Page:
I’m not sure when it started to happen. Somewhere between the sleepless nights and the toddler chaos, the end of the month stresses about money or the evenings tied to the sofa – and our computer screens – the NLM and I had lost something. I’m sure it happens to all parents, especially those with young children. You put all your energy into your kids and your work and the business of being an adult that by the time you make it to the end of the day you’re spent. You know you love each other, so you sort of stop trying. And that’s where things get dangerous.
Life as a parent is never easy. We all have our own struggles. But our daily routine has always involved working often unsociable hours, squeezing into the time “normal” couples get to spend together. For us, then, Valentine’s Day this year was about reconnecting as a couple and spending some time just being together, away from work and kids and life in general.
This year, Valentine’s Day was a thing of two halves. It was half extravagant, with a night away, presents and a couple of meals out (minus the kids). But the day itself – that half – was far lower key. This might sound ridiculous and over-inflated to some, to have a Valentine’s Day consisting of two parts, but for us this year it felt necessary. Valentine’s gave us a marker to actually stop and take note of each other. To remember that we’re also a couple, as well as a parenting team.
Valentine’s Day on a budget
The second half of our Valentine’s Day celebrations happened on the day itself. Seeing as we’d already been away for the night the weekend before, we didn’t want to go overboard with a meal out and a babysitter. But there were certain ways we managed to make it special without spending a fortune. (There are lots more ideas over on the Payplan website by the way, including one particular one for a memory box which I think I might steal for myself next year.)
First up we opted for home cooked food over a takeaway or meal out. As a treat, because neither of us had the energy to spend all night in the kitchen, we went for a curry kit from the supermarket (these ones from the Spice Tailor are our favourite). Add a few poppadoms and a couple of samosas from the deli counter and you’ve got the makings of a meal that’s definitely up a notch from a usual mid-week supper.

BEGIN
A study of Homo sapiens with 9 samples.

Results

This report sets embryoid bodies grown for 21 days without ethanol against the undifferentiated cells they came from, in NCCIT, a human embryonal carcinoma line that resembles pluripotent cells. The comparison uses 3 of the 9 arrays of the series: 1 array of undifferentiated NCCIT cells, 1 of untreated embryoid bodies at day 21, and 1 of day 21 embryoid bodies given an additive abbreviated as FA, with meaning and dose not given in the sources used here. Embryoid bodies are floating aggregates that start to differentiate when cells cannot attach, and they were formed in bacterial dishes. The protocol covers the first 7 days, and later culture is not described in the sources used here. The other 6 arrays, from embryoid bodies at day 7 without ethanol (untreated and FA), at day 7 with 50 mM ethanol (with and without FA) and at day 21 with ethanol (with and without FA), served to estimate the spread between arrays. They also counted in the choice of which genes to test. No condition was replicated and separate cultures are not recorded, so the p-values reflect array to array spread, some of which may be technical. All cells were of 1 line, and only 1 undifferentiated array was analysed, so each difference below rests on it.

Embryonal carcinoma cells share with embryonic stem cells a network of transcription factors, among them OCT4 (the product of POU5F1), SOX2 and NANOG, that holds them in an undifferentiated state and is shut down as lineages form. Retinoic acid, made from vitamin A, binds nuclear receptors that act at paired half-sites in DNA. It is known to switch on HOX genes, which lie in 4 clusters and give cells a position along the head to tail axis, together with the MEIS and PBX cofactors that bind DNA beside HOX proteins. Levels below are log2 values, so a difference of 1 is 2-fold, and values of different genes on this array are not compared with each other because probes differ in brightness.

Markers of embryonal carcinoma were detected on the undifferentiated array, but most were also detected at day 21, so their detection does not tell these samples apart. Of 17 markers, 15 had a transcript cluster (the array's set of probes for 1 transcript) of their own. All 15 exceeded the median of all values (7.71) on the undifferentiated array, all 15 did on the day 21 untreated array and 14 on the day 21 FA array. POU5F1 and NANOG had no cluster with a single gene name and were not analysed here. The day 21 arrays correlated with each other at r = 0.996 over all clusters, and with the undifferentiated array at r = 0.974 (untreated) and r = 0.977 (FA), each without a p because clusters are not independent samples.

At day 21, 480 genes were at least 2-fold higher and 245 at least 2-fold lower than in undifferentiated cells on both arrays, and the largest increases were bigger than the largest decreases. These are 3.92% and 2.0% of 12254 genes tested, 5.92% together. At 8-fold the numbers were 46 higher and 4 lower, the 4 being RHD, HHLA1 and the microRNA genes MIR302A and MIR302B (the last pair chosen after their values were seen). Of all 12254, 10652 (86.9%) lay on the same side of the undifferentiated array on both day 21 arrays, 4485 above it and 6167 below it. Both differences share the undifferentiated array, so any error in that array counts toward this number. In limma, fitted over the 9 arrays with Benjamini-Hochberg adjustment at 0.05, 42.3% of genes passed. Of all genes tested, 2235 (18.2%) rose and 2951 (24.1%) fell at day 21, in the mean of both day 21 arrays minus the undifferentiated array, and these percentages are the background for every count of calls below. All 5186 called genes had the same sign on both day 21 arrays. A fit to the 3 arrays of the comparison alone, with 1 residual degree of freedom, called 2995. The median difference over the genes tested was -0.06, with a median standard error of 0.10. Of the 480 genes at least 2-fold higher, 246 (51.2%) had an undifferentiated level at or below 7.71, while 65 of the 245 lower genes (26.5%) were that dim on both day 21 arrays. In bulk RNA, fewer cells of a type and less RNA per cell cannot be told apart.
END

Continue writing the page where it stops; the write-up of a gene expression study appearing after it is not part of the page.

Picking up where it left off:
Next up, and perhaps not the most inspired of activities, but we pledged to turn off our computers for the night and settle in front of the TV. We watch telly together so rarely these days it’s a real treat to get into a show or film together. At the moment we’re enjoying W1A – a BBC comedy on Netflix. If you liked Twenty Twelve you’ll love this.
To drink, we had the champagne the NLM bought me for Valentine’s Day – a bottle reduced from £20 to £10 at the supermarket. Win!
Other ideas for budget Valentine’s Day celebrations that we’ve tried in the past include making a home cooked surprise meal complete with written up menu. The NLM did this for me the first year we lived together for Valentine’s Day. I got home from work to find a treasure trail with a clue at each point. At the end of the trail there was a glass of champagne, along with a menu of what he was going to cook me that evening (all together now – awwwwww).
We’ve also done a Valentine’s Day picnic on an unseasonably warm year – this one included the kids! A Valentine’s Day games night (loads of card games and board games, a bottle of wine and that’s basically it) and a Valentine’s Day movie night with popcorn and all the posh crisp trimmings.
How about you? Have you got any great budget date night ideas to share?
Ghislaine Forbes says
When was Valentine’s Day? Love ma x
We’ve always been quite big in celebration but las year we totally didn’t do anything. These tips would have come in perfect! I must say Paul pulled it out the bag this year though!